Sneezing at the sudden exposure to bright light is known as autosomal dominant compelling helio-ophthalmic outburst (ACHOO) syndrome, or photic sneezing, and affects up to 35% of the population (Eur Arch Otorhinolaryngol. 2017;274:1721–1725). The disorder is characterized as paroxysms of sneezing provoked as a reflex, ranging anywhere from two to 40 sneezes.
Up until recently, the cause of this phenomenon had not been thoroughly investigated. A 1993 study found that the physiologic response was not a reaction to specific wavelengths of light, but instead to changes in brightness (Mil Med. 1993;158:806–809). This is why very often, people sneeze when they look up at the sun.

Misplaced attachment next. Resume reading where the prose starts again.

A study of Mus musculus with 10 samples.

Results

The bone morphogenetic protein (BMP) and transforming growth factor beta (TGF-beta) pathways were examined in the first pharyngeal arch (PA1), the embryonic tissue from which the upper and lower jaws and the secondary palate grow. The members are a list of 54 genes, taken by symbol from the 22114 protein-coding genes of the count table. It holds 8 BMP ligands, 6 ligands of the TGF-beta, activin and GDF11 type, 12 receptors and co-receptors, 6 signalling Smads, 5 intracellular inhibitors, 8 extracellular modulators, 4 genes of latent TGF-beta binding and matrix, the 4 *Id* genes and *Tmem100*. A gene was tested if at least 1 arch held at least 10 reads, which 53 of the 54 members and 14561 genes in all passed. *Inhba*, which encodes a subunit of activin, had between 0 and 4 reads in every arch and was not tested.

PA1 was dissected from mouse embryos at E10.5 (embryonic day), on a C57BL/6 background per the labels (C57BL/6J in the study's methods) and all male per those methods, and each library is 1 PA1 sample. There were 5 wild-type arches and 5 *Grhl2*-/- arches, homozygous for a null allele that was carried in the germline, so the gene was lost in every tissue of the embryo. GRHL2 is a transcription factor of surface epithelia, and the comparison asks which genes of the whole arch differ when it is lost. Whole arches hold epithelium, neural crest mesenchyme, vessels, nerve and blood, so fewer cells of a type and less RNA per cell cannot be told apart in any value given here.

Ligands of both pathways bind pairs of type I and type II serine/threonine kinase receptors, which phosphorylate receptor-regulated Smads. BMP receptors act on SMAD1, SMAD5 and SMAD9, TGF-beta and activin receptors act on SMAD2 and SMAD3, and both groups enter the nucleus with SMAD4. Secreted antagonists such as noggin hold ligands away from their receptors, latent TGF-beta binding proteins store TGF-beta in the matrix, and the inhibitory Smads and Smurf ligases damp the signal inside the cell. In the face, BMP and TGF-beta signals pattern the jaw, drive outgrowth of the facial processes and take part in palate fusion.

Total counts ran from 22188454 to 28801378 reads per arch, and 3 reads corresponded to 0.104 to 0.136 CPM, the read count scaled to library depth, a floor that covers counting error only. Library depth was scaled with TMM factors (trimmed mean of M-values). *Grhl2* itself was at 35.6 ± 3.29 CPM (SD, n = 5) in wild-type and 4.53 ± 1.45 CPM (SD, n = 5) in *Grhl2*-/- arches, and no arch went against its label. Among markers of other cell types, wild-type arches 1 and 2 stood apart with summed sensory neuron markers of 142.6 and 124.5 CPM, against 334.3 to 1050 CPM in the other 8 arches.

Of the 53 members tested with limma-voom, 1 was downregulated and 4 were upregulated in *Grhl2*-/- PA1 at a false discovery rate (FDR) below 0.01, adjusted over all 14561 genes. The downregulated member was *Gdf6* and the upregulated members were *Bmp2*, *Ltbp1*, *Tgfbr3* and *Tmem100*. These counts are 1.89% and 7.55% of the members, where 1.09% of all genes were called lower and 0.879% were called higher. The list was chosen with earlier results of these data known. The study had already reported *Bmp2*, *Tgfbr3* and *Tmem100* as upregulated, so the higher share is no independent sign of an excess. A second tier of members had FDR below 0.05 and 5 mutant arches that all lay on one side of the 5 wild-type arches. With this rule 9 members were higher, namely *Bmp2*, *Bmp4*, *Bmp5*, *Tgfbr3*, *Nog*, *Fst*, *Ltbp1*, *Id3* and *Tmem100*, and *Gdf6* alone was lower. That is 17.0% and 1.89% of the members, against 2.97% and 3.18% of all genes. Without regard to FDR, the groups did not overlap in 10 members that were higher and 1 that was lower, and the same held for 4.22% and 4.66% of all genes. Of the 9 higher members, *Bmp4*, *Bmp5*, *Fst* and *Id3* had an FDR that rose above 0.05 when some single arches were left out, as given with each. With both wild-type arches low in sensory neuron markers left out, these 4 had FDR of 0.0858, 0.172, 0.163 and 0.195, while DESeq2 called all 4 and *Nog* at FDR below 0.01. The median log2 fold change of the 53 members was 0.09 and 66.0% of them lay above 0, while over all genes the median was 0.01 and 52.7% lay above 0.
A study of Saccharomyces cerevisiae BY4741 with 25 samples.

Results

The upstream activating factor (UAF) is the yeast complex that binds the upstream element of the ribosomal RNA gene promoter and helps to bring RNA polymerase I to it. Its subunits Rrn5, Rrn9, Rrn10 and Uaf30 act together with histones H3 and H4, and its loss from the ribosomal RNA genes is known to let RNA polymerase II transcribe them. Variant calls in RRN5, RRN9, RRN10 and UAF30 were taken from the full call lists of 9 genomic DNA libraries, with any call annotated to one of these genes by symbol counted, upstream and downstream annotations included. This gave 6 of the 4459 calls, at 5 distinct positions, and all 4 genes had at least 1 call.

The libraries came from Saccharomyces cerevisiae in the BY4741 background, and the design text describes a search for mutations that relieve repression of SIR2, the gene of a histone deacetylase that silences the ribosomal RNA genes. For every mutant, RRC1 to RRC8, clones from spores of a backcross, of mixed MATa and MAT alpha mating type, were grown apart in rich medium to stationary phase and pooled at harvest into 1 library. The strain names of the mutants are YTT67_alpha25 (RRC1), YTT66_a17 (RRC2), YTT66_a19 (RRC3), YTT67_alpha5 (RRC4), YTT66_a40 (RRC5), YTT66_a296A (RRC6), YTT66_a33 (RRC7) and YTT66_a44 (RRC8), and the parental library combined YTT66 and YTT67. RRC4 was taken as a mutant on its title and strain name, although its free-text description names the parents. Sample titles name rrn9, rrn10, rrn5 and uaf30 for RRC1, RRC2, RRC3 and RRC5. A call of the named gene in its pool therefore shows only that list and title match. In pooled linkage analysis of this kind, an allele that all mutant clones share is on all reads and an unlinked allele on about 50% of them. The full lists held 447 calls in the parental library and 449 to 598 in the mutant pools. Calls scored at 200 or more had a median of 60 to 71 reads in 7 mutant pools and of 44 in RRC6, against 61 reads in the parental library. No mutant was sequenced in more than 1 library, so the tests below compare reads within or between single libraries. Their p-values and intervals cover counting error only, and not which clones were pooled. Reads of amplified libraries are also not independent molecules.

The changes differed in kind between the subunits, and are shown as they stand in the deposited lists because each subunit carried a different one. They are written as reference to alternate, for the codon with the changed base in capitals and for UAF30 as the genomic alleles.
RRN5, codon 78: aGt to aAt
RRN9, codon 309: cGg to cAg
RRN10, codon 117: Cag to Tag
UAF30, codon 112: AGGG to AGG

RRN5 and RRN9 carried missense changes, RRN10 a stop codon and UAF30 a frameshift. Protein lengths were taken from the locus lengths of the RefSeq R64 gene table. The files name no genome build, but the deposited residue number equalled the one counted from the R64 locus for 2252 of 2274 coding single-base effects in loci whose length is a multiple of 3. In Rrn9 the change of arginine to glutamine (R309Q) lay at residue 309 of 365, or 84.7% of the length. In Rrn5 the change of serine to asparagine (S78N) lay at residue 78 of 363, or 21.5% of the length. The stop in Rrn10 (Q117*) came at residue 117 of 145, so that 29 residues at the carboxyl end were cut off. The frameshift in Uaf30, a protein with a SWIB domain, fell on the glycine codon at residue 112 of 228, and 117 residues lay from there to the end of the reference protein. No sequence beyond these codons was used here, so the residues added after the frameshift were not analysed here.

A study conducted in 2016 found that 67% of participants diagnosed with ACHOO syndrome had prominent corneal nerves, to some degree (Arch Soc Esp Oftalmol. 2016;91:305–309). This could possibly be associated with the disorder; however, the study only examined 12 members of one family.
Authors of a 2010 study proposed that the rapid sneezing is a cause of sensitivity to stimuli in the visual cortex (PLoS One. 2010;5:e9208). They concluded that the reflex does not just occur at the brainstem, but also in specific cortical areas. Extreme sensitivity of parts innervated by the fifth cranial nerves may cause eye irritation that triggers the protective reflexes of the nose to act accordingly. Considering the research currently available, prominent corneal nerves in a patient is more like than not associated with ACHOO syndrome. Further studies are still needed to fully comprehend the physiology.